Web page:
Globalisation is the process by which the businesses or other organisations develop international influence or start operating on an international scale.
Contrary to the general view, globalisation dates back to many thousands of years. For thousands of years, people-and, later, corporations-have been buying from and selling to each other in lands at great distances, such as through the famed Silk Road across Central Asia that connected China and Europe during the Middle Ages.
However, policy and technological developments of the past few decades have spurred increases in cross-border trade, investment, and migration so large that many observers believe the world has stepped into a qualitatively new phase in its economic development. Since 1950, for example, the volume of world trade has increased by 20 times, and from just 1997 to 1999 flows of foreign investment nearly doubled, from $468 billion to $827 billion.
The current rage of globalisation is attributable to policies that have opened economies domestically and internationally.Many international commerce-friendly policies have caused an astounding surge in world trade.
Post the Second World War, and especially during the past two decades, many governments have adopted free-market economic systems, vastly increasing their own productive potential and creating myriad new opportunities for international trade and investment. Governments also have negotiated dramatic reductions in barriers to commerce and have established international agreements to promote trade in goods, services, and investment. These conducive measures gave birth to opportunities for global trade. Taking advantage of these new opportunities in foreign markets, corporations have built foreign factories and established production and marketing arrangements with foreign partners. A defining feature of globalisation, therefore, is an international industrial and financial business structure.
Globalisation is deeply controversial. However, proponents of globalisation argue that it allows poor countries and their citizens to develop economically and raise their standards of living, while opponents of globalisation claim that the creation of an unfettered international free market has benefitted multinational corporations in the western world at the expense of local enterprises, local cultures, and common people. Resistance to globalisation has therefore taken shape both at a popular and at a governmental level as people and governments try to manage the flow of capital, labour, goods, and ideas that constitute the current wave of globalisation.
Globalisation is a fascinating spectacle that can be understood as global systems of competition and connectivity. However, an increase in integration has not brought increased equality. Globalisation creates winners and losers among countries and global corporations, making competition the beating heart of the globalisation process.
A closed economy by choice, India formally adopted globalisation when the new economic policy of 1991 came into force. Mounting debts and pressure from IMF had left the nation with no other choice but to go global. The process of globalisation has been an integral part of the recent economic progress made by India. Globalisation has played a major role in export-led growth, leading to the enlargement of the job market in India.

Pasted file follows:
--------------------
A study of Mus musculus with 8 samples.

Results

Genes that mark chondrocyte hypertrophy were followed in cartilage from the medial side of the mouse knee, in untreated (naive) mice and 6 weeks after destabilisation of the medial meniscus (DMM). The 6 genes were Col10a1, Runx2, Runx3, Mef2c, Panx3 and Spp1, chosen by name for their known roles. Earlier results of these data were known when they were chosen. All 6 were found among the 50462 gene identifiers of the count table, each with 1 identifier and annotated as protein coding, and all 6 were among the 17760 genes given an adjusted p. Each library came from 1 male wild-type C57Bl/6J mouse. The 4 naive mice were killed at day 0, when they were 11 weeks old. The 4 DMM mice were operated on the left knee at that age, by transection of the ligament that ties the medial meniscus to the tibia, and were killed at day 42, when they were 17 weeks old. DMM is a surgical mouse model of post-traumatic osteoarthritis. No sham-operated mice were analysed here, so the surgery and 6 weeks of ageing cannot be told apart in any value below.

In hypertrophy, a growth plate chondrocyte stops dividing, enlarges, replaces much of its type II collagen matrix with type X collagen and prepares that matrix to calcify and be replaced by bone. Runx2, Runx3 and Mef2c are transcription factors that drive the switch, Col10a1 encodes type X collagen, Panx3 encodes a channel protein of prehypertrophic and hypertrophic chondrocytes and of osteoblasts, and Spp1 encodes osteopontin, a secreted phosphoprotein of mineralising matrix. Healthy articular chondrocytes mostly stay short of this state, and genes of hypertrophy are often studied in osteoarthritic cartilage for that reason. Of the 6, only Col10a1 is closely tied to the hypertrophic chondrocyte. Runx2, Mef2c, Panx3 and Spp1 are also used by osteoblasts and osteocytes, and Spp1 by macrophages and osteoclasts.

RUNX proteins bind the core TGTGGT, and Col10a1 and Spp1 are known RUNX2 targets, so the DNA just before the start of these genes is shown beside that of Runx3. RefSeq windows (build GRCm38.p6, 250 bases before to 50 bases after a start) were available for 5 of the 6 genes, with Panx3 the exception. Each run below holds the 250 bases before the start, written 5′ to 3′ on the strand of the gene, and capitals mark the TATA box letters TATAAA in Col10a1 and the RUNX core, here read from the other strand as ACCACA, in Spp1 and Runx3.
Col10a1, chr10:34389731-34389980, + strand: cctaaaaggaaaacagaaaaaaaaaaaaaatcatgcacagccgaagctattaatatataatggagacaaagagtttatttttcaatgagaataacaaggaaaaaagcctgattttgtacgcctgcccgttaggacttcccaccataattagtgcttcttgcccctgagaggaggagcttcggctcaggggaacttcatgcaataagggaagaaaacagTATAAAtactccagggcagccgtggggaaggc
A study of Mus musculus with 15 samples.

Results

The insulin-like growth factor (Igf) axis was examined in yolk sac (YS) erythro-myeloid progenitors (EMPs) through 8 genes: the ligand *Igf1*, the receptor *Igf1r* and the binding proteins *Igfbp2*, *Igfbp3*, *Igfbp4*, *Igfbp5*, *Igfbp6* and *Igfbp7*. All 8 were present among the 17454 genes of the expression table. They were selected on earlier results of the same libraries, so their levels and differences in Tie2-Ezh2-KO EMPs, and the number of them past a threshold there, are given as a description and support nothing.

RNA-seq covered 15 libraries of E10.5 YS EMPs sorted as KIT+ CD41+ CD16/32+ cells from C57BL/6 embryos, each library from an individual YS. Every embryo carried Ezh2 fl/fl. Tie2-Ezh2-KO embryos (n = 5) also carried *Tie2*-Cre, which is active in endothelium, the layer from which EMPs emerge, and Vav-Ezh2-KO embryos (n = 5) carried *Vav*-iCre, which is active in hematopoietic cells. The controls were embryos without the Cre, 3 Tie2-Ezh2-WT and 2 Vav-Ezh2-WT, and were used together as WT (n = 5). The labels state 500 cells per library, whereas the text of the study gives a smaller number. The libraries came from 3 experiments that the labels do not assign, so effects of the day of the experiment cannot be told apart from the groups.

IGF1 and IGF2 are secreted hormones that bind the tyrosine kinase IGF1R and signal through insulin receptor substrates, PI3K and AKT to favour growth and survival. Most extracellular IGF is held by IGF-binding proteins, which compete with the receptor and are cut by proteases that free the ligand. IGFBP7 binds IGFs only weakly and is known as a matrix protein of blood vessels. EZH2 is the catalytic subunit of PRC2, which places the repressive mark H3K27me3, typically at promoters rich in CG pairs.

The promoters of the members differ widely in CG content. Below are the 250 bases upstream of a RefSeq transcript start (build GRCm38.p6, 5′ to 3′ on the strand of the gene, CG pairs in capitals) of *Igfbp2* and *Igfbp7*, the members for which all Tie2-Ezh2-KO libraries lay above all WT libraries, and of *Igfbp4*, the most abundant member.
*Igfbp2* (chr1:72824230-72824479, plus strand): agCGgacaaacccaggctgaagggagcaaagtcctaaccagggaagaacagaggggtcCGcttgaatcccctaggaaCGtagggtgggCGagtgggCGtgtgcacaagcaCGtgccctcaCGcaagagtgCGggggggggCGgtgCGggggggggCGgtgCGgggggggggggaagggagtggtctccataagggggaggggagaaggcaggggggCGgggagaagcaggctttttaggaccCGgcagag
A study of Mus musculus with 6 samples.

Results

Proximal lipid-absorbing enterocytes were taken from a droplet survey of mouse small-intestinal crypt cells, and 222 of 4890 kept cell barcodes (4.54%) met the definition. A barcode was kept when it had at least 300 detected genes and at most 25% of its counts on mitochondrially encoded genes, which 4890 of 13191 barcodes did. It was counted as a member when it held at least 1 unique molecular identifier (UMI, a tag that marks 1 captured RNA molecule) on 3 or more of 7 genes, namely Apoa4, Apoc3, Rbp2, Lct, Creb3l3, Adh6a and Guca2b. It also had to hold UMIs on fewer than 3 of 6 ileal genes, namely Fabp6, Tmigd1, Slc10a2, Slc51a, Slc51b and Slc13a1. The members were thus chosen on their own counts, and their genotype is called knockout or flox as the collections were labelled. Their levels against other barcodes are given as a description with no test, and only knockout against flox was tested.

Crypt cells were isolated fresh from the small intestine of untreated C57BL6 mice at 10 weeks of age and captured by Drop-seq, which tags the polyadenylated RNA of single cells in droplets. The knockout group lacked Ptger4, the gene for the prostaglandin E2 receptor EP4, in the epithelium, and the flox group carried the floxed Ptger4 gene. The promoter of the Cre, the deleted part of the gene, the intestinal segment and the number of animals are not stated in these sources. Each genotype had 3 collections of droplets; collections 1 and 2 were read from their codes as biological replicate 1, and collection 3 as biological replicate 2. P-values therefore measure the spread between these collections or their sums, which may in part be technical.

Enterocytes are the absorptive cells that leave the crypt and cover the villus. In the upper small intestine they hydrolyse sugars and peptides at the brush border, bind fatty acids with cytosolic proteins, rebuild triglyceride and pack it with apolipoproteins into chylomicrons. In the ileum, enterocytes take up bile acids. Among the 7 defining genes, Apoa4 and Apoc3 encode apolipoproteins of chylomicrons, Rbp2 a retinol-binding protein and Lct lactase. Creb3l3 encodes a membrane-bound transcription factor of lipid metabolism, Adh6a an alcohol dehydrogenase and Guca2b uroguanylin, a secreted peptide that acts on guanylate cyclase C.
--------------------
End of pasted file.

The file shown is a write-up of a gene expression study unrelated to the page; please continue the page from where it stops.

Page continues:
One of the major forces of globalisation in India has been in the growth of outsourced IT and Business Process Outsourcing (BPO) services. The last few years have seen an increase in the number of skilled professionals in India employed by both local and foreign companies to service customers in the US and Europe in particular. Taking advantage of India’s lower cost but educated and English-speaking work force, and utilising global communications technologies such as voice-over IP (VOIP), email and the internet, international enterprises have been able to lower their cost base by establishing outsourced knowledge-worker operations in India.
There is no denying the fact that globalisation India and its citizens have realised many gains from globalisation. Access to umpteen number of brands, billions of jobs that have emanated from the establishment of multinational companies and the increase in forex reserves of the country are all effects of globalisation. Indian citizens have also experienced an increase in the standard of living by opening up of the country’s trade routes to the world. However, there exists a contrary argument to that.
The domestic producers fear marginalisation and pulverisation due to the entry of foreign and often better quality products. It was to safeguard the domestic producer from foreign competition that India had initially adopted a closed economy stand with very limited access to foreign producers into Indian markets. However, despite the fact that we are a nation that had embraced globalisation long ago, there is still a debate in the country over permitting FDI in some sectors.
Just about a year back, FDI in retail was rolled back because of huge resistance against the move from many political parties who sought to protect the interests of domestic retailers.
Globalisation has had both desirable and undesirable consequences for India and the world. Where it has accelerated progress in some countries, it has also widened the gap between the rich and the poor in others.
Thus, globalisation has the fair and rough share of its impacts and thus we can surely hope for more advancement in the global economy due to this process.